Haven't posted here in a while. The "insulation" has long been removed from my wormery.
Here are two pics of the entrance to a bumblebees' nest which I uncovered yesterday. The burnt grass is, more or less, the "landing pad" to the nest. All you see of the nest is the little black hole, which is the entrance. The lawnmower has gone over this several times, not to mention the wheel-barrow and even "yours truly's" big feet. The residents have protested, but then carry on about their business, as before. There is a surprising amount of "traffic" in and out of this nest.
Thank you @hywel. The nest is right near my compost heap, where there always seems to have been bumble bees. They would be a bit irate and disturbed, when I'd go to remove some rotted compost, but I thought they might have been nesting behind some rotted wood. Eventually I saw the little hole in the ground. I had the idea that bumble bees were, more or less, solitary creatures. But you should see the amount of "traffic" there is in and out of that nest. The hole is only big enough for one bee to get in or out, but you would see two arriving back and one trying to get out. They have to squeeze past each other, getting in and out of the hole! LOL! They are tough, because, as I mentioned, the lawn-mower has gone over that nest quite a few times, not to mention the wheel-barrow and me stepping on it.
I have lots of bumbles, but cannot find their nest. Clever you! My neighbour's bees have been moved to a place further back between their field (used as an allotment) and their own garden, so I am not getting these ones this year.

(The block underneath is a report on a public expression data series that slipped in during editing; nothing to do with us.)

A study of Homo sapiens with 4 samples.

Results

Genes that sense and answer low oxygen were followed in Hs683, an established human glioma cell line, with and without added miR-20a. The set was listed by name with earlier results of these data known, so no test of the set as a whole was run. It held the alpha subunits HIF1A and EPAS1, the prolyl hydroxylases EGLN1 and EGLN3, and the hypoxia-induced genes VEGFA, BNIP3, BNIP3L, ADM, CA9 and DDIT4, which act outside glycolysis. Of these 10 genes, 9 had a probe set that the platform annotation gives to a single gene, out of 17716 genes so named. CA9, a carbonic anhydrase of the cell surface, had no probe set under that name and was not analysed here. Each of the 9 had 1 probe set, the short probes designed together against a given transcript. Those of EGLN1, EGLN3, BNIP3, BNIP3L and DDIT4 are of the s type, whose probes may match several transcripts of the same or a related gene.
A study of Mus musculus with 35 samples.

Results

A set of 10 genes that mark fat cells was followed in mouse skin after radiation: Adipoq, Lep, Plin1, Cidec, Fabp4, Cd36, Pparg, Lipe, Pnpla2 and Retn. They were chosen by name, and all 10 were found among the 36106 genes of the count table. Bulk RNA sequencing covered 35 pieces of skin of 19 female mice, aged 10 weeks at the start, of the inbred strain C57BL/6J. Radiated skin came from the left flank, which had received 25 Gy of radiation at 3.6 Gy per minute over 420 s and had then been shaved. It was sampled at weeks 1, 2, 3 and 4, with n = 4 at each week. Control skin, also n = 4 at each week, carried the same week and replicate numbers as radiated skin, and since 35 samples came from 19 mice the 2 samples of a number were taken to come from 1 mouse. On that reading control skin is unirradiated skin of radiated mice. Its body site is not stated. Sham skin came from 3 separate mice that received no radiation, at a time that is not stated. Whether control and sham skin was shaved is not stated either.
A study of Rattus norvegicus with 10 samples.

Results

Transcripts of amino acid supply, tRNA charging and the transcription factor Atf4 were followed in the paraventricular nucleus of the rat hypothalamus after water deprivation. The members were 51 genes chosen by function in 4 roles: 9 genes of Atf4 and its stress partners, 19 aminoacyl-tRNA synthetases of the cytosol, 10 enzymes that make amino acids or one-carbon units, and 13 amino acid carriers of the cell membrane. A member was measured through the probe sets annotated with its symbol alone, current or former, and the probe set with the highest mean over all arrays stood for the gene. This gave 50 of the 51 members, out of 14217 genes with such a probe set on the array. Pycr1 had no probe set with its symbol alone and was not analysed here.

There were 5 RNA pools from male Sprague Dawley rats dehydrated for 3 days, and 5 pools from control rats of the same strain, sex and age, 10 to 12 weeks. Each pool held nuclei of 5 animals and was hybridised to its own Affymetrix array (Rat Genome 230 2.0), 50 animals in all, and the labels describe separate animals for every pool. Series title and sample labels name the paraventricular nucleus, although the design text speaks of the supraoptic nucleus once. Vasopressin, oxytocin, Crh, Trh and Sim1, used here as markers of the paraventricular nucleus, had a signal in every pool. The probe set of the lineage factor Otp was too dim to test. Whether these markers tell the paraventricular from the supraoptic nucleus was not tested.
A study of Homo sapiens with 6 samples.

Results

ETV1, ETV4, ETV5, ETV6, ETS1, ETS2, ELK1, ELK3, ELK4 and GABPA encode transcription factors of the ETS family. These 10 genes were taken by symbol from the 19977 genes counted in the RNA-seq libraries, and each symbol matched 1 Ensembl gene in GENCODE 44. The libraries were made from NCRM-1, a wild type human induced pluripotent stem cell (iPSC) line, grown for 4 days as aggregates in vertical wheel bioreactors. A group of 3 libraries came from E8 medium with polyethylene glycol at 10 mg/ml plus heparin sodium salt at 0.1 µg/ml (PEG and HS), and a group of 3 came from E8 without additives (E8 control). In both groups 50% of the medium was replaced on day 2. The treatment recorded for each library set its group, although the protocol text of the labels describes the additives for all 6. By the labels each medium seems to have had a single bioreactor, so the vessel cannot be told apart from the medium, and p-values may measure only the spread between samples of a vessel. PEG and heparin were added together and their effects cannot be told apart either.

I'd never heard of them until recently Whisker, I noticed the colouration when watching them and googled the name when I saw someone else mention buff tails, but apparently it is a fairly common Bumblebee
I had some empty pots stored under bushes in bin liners. Hopeless arrangement! The wind blew the bags around and the pots rolled out. Today I pulled the whole lot out and found there was a bare space underneath. A robin, whom I have christened "Cheeky" for obvious reasons, came right down to within a foot or two of me and had a party picking up insects and worms. He would allow me to bend over and talk to him. He'd look at me with those quizzical eyes and was not a bit put out. Amazing how close robins can be to humans. They are almost tame.
I replaced the bin-liners with the 3 ft by 3 ft skip bag. Much better, I think!
Not Just robins do that ... when I had my allotment I was busy digging over some ground ready for planting and unearthed an ants nest which had lots of eggs in it. A thrush had been hanging about really quite close to me and immediately flew down ignoring the fact that I had continued my digging and collected a whole bulging beak full of goodies. She flew off and another one came in but after only a minute or two the first one came back and shooed the second one away! It was just amazing to watch.
All the world is mad except thee and me and even thee's a little odd!
A while since I've been here! Not much happeneing in the garden at the moment.
Last night I put out some chicken bones behind the pier at my front gate, in the hope that foxes would come and take them. At about 2 a.m, I looked out and saw a silhouette of a cheeky fox standing on my wall. No doubt, he had scoffed the chicken bones and was feeling quite satisfied.